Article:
SFVAMC/UCSF researchers develop lead for a new Alzheimer's disease drug -- a fragment of a brain gro

In findings that could lead to a new Alzheimer’s disease drug, researchers at
San Francisco Veterans Affairs Medical Center (SFVAMC) and University of
California, San Francisco have isolated a protein fragment that nurtures brain
cells, an effect that could prevent loss of brain function caused by the
disease. 

The fragment acts through the same mechanisms as its larger parent protein. 
However, a drug based on the fragment would be small enough to pass from the
bloodstream into the brain, the researchers said.

These findings were presented today (November 8) in New Orleans at the 30th
Annual meeting of the Society for Neuroscience, the world’s largest
neuroscience meeting.

The fragment is derived from a protein called Nerve Growth Factor (NGF), which
maintains the health of many types of brain cells, including those damaged by
Alzheimer’s disease; it also helps strengthen the connections between cells.
 
But NGF can’t be used as a treatment because the molecule is too large to get
past the filtering mechanisms that protect the brain from bacteria and other
agents in the blood that might damage it, said Frank Longo, MD, PhD, a UCSF
professor and vice chair of neurology and SFVAMC chief of research.
 
Longo and his colleagues now have found that a much smaller portion of NGF may
carry NGF’s most useful functions.
“These studies offer the first demonstration that a small molecule mimicking a
specific part of the NGF protein can activate the same key mechanisms in
neurons that are activated by NGF, and in doing so prevent death of these
neurons.  Prior to this work, it was widely believed that the entire NGF
protein was required to achieve its death-preventing activity,” Longo said.

Other researchers had determined which sections of the NGF molecule dock to NGF
receptors.  Longo and his colleagues were hopeful that if they isolated these
receptor-binding pieces, one of them might nurture nerve cells in the same way
as the whole molecule. 

They tested one of these fragments, called loop 4, for its ability to maintain
a culture of nerve cells growing in a dish.  Like NGF itself, loop 4 helped
neurons survive—twice as many cells survived after three days compared with
an untreated culture.  However, the fragment was only 40 percent as effective
as the whole NGF protein in keeping nerve cells alive.  Although this may seem
like a small percentage, Longo said this is a good lead to follow in developing
a more effective molecule.

Nerves treated with the NGF fragment also perform another of NGF’s functions—
they stimulated the growth of new axons, the fibers that deliver signals from
one nerve cell to another, Longo said.

Other evidence from the study supports the idea that this fragment is acting on
neurons in the same way as NGF.  Looking within the nerve cell, Longo and his
colleagues found that two chemical pathways in nerve cells that are switched on
by NGF, are also activated in cells treated with the loop 4 fragment.  They
also showed that molecules that blocked the NGF receptor could prevented the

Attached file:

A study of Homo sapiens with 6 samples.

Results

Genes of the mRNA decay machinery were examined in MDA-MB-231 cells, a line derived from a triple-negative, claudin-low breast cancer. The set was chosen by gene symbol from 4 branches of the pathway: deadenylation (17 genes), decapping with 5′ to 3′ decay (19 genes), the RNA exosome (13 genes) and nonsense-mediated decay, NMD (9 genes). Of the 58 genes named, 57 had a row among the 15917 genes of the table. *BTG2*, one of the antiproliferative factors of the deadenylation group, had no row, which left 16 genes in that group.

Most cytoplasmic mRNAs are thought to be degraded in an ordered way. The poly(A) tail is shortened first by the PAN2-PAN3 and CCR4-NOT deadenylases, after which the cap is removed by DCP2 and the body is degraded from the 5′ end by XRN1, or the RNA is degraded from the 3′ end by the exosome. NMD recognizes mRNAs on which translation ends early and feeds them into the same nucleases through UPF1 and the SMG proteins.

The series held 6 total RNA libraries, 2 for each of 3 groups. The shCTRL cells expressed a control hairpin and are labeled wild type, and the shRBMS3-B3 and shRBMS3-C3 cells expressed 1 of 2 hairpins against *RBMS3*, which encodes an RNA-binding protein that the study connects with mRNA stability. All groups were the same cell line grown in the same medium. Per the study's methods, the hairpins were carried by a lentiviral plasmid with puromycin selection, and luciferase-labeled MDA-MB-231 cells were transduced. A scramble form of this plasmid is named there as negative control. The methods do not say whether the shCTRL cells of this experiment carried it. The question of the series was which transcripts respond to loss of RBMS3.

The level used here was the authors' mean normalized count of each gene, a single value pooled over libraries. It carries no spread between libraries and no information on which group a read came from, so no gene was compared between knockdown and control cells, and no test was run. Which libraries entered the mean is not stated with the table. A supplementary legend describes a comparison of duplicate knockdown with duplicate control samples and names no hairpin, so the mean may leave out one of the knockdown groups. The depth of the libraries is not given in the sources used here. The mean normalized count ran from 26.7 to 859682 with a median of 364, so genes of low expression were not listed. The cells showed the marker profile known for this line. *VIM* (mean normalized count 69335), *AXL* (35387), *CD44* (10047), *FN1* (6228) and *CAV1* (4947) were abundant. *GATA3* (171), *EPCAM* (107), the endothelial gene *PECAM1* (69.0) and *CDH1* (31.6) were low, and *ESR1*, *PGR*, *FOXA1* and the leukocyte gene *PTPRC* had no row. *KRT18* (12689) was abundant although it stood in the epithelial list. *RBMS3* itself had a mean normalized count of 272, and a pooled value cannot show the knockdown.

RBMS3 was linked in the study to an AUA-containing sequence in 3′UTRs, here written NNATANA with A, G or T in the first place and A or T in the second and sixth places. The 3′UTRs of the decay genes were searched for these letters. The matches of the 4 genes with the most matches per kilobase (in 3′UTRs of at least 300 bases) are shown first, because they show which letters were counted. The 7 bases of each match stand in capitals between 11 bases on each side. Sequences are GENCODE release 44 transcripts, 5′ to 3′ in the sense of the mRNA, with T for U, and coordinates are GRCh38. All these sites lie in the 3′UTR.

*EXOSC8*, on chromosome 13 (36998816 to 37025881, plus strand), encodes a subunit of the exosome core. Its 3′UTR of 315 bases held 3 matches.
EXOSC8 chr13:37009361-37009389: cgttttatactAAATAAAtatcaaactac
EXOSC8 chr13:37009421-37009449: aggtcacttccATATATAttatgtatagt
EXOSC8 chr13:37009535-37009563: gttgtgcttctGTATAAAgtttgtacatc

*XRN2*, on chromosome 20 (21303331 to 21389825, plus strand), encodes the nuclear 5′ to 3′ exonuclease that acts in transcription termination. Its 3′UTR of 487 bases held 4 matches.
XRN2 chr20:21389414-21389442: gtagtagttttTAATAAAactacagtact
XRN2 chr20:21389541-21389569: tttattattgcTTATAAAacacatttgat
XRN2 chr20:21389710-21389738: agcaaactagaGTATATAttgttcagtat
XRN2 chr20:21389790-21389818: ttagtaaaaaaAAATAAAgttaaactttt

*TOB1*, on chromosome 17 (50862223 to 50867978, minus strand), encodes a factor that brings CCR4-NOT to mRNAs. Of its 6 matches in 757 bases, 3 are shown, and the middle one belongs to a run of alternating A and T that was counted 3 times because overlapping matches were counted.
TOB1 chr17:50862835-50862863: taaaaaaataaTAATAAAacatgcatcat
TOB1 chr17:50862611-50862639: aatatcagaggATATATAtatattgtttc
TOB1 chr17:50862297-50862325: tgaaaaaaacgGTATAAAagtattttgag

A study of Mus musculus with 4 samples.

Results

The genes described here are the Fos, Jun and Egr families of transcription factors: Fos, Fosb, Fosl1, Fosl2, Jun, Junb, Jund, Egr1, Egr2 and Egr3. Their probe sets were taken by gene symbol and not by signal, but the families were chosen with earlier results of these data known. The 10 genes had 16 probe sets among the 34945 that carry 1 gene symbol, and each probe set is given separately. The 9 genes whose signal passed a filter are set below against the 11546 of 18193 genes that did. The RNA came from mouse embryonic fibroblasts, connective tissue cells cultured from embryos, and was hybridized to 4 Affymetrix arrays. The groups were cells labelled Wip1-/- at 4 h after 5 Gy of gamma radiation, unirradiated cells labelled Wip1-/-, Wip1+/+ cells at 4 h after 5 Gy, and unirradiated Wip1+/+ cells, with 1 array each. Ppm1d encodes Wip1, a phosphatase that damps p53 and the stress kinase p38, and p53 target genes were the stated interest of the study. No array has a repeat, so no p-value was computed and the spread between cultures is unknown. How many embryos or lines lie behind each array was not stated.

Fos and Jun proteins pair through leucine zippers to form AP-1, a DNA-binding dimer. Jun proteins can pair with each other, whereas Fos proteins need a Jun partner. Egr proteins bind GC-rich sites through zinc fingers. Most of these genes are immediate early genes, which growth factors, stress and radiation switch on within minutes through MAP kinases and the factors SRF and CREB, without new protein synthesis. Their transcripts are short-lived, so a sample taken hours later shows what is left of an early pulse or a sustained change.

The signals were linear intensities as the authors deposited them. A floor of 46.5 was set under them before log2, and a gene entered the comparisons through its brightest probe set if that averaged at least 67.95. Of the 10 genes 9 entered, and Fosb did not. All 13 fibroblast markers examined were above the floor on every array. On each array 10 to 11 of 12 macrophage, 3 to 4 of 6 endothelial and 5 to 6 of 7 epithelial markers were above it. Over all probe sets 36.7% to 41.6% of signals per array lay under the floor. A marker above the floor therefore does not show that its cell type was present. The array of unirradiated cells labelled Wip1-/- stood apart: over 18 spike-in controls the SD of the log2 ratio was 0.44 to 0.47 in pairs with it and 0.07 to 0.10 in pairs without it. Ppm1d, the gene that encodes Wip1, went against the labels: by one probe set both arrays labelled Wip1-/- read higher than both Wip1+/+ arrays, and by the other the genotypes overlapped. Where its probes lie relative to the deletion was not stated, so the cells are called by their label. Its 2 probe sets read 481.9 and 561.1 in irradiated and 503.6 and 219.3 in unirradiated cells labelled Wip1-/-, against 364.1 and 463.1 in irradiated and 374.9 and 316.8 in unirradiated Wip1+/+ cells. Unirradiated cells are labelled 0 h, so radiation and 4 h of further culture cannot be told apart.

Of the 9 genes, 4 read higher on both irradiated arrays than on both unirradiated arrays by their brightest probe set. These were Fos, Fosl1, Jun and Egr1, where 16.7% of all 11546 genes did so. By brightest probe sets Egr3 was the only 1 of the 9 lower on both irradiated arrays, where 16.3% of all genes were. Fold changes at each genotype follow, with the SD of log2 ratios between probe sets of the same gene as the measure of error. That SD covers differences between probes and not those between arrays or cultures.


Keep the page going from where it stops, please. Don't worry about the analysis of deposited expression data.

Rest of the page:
NGF fragment from promoting cell growth and survival.
 
“These NGF fragments act via mechanisms analogous to NGF protein and can
therefore be used as a guide for identifying even more potent compounds with
properties suitable for pharmaceutical development,” Longo said.

A few years ago, Longo’s group published studies of another NGF fragment, loop
1, which binds to a different part of the NGF receptor.  While loop 1 was not
as effective at nurturing nerve cells as loop 4, Longo plans to use both of the
fragments as leads to more effective molecules.

The next step in developing these fragments into drugs that might slow
Alzheimer’s, Longo said, will be to search for molecules that contain the loop
4 structure, but that also have features that might make them more effective.  “
We will use the shapes and structures of our small designer fragments to search
vast chemical libraries for more potent compounds,” he said.  These chemical
libraries contain thousands of drug-like chemicals that can be searched through
computer databases.

“Without our active molecules to serve as guides, it would be quite difficult
to effectively search these vast libraries,” he said.

Chemicals that closely match the shapes and structures in the NGF fragments
will be gathered for further testing in nerve cell cultures.  The most potent
of these will then be tested in mouse models of Alzheimer’s disease, Longo
said.

“Our lead compounds will contribute to the long-term goal of creating drugs
that prevent the onset and/or slow the progression of Alzheimer’s disease,” he
said.

Most of the results presented by Longo were also published in the September 22
issue of the Journal of Biological Chemistry.  Co-authors on the study were
Youmei Xie, MD, UCSF/SFVAMC postdoctoral researcher in neurology, Michelle
Tisi, BA, lab technician, Tracy Yeo, PhD, UCSF assistant professor of
neurology.

This research was supported by grants from the American Alzheimer’s Association
and the John Douglas French Foundation.

The Alzheimer’s Association grant was managed by the Northern California
Institute for Research and Education (NCIRE). 

NCIRE is one of the fastest growing medical research groups in the nation. 
Founded in 1988, NCIRE now manages more than $20 million in funding from
organizations such as the National Institutes of Health, the National
Aeronautics and Space Administration, and the National Science Foundation. 
Based at the San Francisco VA Medical Center, NCIRE is the largest of the 86
congressionally authorized VA research corporations.